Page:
By June dela Rosa (Click here for Korean translation)
Dating someone older or younger than yourself comes with its insecurities but an interracial relationship (specifically between Asian and White people) can increase these challenges twofold.
Between me and my white husband, everything becomes apparent: Age, colour, height. Dealing with the age challenge is difficult. For instance, he does not want me to shave because when I do, he feels I look like a teenager. And him being white, I don’t think he looks his real age either – he looks older. Shaving his facial hair does not help him look younger, nor does dressing in hip clothes.
North American society is suspicious of odd couples. Gay or straight, the “norm” is to stick to your age bracket. In our modern, democratic culture many assume that we no longer have age gaps in relationships – the image being linked to the extremes of prepubescent girls marrying men thrice their age or ancient Greek pederasty. We associate the older as preying on the young and taking advantage of the innocent.
None of our friends seriously think we are too young/old for each other but that does not prevent the jokes now and then. There has been name calling. The generic rice/potato queen comments have been coupled with labels like cougar, cradle snatcher, dirty old man.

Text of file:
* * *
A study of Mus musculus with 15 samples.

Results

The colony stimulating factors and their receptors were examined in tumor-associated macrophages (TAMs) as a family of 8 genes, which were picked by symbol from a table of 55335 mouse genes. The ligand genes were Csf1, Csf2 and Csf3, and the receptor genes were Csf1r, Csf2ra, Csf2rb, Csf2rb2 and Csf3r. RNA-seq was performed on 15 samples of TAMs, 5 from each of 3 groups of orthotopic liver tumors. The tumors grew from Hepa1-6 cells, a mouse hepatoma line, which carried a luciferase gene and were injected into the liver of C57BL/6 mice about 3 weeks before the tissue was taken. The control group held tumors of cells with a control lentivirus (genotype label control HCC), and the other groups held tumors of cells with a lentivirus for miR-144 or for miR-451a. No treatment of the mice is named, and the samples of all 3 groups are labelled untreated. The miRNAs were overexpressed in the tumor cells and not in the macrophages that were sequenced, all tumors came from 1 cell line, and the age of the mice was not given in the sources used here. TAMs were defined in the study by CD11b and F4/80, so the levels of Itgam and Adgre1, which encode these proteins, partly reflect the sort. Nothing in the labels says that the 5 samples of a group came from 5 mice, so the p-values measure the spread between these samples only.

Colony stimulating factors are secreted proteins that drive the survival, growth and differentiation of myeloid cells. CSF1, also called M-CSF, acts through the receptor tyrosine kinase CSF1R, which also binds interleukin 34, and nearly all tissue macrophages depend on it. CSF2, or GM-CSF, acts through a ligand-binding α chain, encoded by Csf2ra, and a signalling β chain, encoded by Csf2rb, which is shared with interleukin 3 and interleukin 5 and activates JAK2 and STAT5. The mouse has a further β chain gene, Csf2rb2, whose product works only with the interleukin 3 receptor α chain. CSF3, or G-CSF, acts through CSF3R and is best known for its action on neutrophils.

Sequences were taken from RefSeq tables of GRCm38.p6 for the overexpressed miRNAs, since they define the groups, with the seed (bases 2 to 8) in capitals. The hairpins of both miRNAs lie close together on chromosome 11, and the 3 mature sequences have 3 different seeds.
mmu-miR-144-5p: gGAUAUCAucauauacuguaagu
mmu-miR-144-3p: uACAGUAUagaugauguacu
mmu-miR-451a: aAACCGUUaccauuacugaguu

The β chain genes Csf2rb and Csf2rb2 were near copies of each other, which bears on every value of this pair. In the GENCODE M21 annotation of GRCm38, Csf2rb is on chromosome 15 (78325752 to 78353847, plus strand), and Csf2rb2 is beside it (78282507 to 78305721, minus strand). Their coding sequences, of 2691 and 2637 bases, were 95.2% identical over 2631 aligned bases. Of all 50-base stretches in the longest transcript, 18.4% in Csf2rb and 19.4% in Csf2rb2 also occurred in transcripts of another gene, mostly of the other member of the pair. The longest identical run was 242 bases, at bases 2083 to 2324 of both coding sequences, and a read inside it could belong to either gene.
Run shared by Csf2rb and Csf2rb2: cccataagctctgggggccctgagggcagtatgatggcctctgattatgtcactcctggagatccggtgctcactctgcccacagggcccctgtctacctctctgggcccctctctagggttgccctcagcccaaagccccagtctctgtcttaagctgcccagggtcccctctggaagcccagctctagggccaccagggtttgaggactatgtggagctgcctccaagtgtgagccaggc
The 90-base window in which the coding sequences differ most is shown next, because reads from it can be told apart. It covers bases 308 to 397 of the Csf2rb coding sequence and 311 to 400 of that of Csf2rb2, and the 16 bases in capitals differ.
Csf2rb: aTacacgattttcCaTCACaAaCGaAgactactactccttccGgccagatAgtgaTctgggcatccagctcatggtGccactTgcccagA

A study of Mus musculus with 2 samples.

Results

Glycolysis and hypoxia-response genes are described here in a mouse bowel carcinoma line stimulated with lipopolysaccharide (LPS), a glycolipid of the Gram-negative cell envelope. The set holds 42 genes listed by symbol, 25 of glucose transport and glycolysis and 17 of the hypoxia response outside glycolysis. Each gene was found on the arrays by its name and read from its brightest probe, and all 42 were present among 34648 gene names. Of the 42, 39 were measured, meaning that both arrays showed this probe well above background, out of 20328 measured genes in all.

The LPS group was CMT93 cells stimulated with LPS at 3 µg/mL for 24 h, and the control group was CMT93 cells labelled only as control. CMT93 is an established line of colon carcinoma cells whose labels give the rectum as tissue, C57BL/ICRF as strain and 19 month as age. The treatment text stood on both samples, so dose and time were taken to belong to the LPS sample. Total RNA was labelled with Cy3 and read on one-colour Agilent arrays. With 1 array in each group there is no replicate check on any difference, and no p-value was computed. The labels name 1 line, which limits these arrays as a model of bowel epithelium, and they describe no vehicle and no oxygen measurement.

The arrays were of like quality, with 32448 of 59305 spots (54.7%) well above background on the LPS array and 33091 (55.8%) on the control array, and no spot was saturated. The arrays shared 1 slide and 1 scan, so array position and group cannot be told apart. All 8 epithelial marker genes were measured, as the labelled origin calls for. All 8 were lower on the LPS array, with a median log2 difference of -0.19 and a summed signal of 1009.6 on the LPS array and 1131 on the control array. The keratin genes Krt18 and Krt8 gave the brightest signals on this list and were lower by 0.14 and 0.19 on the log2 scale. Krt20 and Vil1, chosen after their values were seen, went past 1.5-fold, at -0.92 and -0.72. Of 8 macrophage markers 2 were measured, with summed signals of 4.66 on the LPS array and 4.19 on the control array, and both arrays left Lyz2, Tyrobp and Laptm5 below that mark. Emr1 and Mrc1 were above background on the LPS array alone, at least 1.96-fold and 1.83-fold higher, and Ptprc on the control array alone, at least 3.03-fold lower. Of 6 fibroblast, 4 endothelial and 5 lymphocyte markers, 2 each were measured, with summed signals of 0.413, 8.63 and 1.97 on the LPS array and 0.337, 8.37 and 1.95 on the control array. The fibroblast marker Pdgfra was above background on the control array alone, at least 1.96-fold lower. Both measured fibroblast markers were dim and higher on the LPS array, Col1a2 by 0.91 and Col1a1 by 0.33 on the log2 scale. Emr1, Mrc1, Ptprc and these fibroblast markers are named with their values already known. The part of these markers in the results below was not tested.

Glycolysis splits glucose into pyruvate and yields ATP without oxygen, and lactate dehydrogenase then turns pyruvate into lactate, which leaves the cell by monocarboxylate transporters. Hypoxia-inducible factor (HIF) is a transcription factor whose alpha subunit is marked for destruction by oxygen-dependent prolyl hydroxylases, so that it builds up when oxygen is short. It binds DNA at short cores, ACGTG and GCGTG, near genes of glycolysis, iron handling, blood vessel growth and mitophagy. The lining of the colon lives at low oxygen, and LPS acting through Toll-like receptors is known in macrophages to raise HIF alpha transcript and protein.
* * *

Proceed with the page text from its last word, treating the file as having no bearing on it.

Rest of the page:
The popularity of pop psychology has not helped either. The more intellectual friend would diagnose some sort of psychological disorder in me: an unresolved Oedipus complexity, the search for a father figure.
Though we look different in age, we are the same in spirit. I have always thought that I have defined myself at a young age, what I like and dislike. I no longer look for who I am from my peers which we all do when we are young. This matured trait is perhaps what makes an older man appealing. Like a lot of people, I have equated age with experience, self-confidence and maturity, all of which I have found in my partner.